With its booming population, traffic problems and infrastructure needs, League City left behind its small-town days long ago.
But this city founded by ranchers and farmers hasn’t completely lost its small-town charm.
Along the narrow, oak-shaded lanes of the city’s historic district, visitors and locals alike can eat at local cafes, shop for arts and crafts at small, locally owned stores, visit museums and even get married in a historic building.
And while League City’s past hasn’t always been at the top of the agenda for some in the city, things are moving in the right direction, said Jay Ewend, owner of The Milk Pail, a tea room and restaurant at 1013 E. Main St.
His restaurant occupies a 110-year-old house, and he uses recipes from his mom, grandmother and mother-in-law. Places like his, and the other restaurants, shops, museums and the tree-lined lanes with historic homes are what people want to see, he said.
“What we are trying to do is to make it a reasonable experience; you are selling an experience,” Ewend said.
Ewend, who has years of experience with night clubs, hotels and entertainment and hospitality businesses, said the city’s historic district is a draw for tourists because some people are tired of amusement parks and strip malls.
And League City’s historic district — with places like the West Bay Common School Children’s Museum with its 115-year-old schoolhouse and the Butler Longhorn Museum — gives visitors a respite from the concrete jungle.
“People are trying to get back into the uniqueness of where they came from,” Ewend said.
Nancy Richards has been in love with a building in the old part of League City since she was 14. Richards, who owns Butler’s Courtyard, a wedding facility at 122 N. Michigan, remembers wondering why people in the city would just let the building where she now hosts weddings year-round fall into disrepair.
The space that Butler’s Courtyard occupies was commissioned by George Washington Butler, one of the city’s founders, and built in 1909.
It sat empty for about 40 years before Richards was able to turn the historic building into one of the top wedding venues in the area since she moved in 10 years ago.
The building has served numerous purposes. It once housed a bank, post office, pharmacy and hardware store and cafe on the first floor, and law, dentist and doctors’ offices on the second, Richards said.
“We say we have the first strip mall center in Texas,” she said. “Everything could happen right here.”
The feel, history and quaintness of the building are all great attractions when visitors come for a wedding or event, she said.
“When people walk in this room, they love to hear the history,” Richards said. “They all want to touch and see and walk inside the vault.”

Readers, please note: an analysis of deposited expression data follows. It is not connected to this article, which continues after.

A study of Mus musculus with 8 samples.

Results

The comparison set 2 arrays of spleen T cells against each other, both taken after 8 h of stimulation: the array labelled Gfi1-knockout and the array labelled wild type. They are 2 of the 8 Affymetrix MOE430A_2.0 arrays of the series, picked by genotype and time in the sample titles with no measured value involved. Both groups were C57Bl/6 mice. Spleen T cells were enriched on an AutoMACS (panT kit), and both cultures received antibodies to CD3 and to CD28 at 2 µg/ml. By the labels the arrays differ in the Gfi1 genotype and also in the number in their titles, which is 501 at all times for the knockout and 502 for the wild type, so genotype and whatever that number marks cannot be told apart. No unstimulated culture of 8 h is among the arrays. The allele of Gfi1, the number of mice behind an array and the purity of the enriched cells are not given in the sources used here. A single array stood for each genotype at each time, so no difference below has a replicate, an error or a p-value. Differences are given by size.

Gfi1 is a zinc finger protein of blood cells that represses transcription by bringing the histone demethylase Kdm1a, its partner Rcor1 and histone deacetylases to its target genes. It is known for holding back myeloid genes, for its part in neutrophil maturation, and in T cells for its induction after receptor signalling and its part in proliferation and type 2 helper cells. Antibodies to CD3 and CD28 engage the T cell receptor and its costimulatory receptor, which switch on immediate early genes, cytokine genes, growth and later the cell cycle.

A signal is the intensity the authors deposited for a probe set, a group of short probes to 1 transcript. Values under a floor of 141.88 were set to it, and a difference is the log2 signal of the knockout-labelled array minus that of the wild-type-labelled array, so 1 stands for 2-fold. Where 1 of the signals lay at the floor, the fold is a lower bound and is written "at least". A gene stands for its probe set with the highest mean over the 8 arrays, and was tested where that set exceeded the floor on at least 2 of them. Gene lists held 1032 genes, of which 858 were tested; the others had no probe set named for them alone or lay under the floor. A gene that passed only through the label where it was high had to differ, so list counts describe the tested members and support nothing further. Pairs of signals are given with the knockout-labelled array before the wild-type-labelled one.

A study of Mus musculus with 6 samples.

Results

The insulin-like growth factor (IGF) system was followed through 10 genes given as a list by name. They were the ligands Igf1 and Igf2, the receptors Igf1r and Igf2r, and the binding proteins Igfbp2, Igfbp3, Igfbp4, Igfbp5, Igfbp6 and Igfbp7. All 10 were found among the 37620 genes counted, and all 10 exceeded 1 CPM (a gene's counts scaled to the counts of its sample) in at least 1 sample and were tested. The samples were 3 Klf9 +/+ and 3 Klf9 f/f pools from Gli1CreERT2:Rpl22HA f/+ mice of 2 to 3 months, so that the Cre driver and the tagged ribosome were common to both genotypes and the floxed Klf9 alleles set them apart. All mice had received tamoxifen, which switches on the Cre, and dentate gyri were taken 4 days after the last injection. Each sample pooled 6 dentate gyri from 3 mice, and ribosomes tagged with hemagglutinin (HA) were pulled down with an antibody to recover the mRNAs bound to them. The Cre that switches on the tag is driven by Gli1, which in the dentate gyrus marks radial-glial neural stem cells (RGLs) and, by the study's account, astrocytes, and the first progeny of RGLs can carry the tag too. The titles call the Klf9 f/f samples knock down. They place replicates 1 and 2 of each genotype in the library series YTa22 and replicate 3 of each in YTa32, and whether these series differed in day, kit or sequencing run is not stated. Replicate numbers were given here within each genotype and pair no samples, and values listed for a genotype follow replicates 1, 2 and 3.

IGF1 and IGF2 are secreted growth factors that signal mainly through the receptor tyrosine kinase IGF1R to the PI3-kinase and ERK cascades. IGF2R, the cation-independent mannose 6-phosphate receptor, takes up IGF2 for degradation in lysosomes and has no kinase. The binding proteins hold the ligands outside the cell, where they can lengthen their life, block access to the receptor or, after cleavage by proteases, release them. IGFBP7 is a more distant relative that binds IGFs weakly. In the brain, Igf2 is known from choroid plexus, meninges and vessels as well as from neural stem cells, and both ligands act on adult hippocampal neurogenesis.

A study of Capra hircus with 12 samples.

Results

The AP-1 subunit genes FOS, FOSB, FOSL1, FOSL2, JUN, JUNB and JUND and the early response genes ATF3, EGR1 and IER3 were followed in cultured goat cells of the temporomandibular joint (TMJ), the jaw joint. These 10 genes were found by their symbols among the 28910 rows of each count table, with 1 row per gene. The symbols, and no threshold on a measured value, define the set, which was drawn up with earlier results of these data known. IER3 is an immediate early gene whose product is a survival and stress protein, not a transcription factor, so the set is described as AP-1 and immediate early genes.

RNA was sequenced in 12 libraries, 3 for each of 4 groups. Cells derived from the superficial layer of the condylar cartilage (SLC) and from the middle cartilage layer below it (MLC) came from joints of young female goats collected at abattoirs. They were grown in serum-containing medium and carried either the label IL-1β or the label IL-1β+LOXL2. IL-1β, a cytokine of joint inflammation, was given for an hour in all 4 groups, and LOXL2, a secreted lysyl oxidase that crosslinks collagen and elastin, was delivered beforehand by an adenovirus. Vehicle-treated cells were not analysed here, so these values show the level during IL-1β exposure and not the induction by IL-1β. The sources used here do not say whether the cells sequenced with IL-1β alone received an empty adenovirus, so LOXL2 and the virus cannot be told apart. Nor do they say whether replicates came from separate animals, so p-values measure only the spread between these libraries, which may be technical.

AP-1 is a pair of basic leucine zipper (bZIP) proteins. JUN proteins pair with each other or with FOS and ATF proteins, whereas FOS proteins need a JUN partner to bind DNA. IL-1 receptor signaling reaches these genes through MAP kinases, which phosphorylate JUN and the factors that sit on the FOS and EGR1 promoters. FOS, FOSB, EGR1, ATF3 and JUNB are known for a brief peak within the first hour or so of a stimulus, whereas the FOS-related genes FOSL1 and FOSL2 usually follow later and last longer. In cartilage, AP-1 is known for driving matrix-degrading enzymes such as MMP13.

And it’s a testament to the city’s historic district that her building, among others in the area, were spared and preserved, she said.
She can point to other growing suburban cities and how they have let their old homes and structures go. League City has protected and saved enough of its historic core that it can work as a draw. It is a place where people can go and look around, take a walk and learn something about the city.
“This is the marketing tool that the city has never used,” she said. “This is the heart of your city.”
City leaders and council members are taking note of Main Street and the city’s historic district. Work has begun on adding more sidewalks along Main Street from League Park to the Five Corners intersection of Main Street with FM 270 and FM 2094. Beautification and signage projects are council priorities.
League City’s Historic Society President Ronnie Richards, Nancy Richards’ husband, can remember a time when the city was more interested in tearing down old buildings than preserving them. That was the catalyst to create the historic district to preserve the city’s history, he said.
And now that those old buildings and streets are still around the past has an interesting way of connecting with the present. The way the area was designed in the 1890s is the way walkable neighborhoods are being designed today, Ronnie Richards said.
“It’s like the new urbanism but it is the old urbanism,” he said.
And while the district interests out-of-town visitors it also comes as a surprise to many League City residents, Ronnie Richards said.
He hears from people all the time who say they had no idea this was here, he said.
And Ronnie Richards, Ewend and others have said there is still more to come. They and others have talked about ideas for making the area more walkable and bike friendly, adding lighting and signs to let people know they are in a special part of the city.
“It’s the original heart of League City,” Ronnie Richards said. “It communicates our traditions and values as the city was founded. It’s not so sterile and vanilla as the big concrete, paved guttered streets.”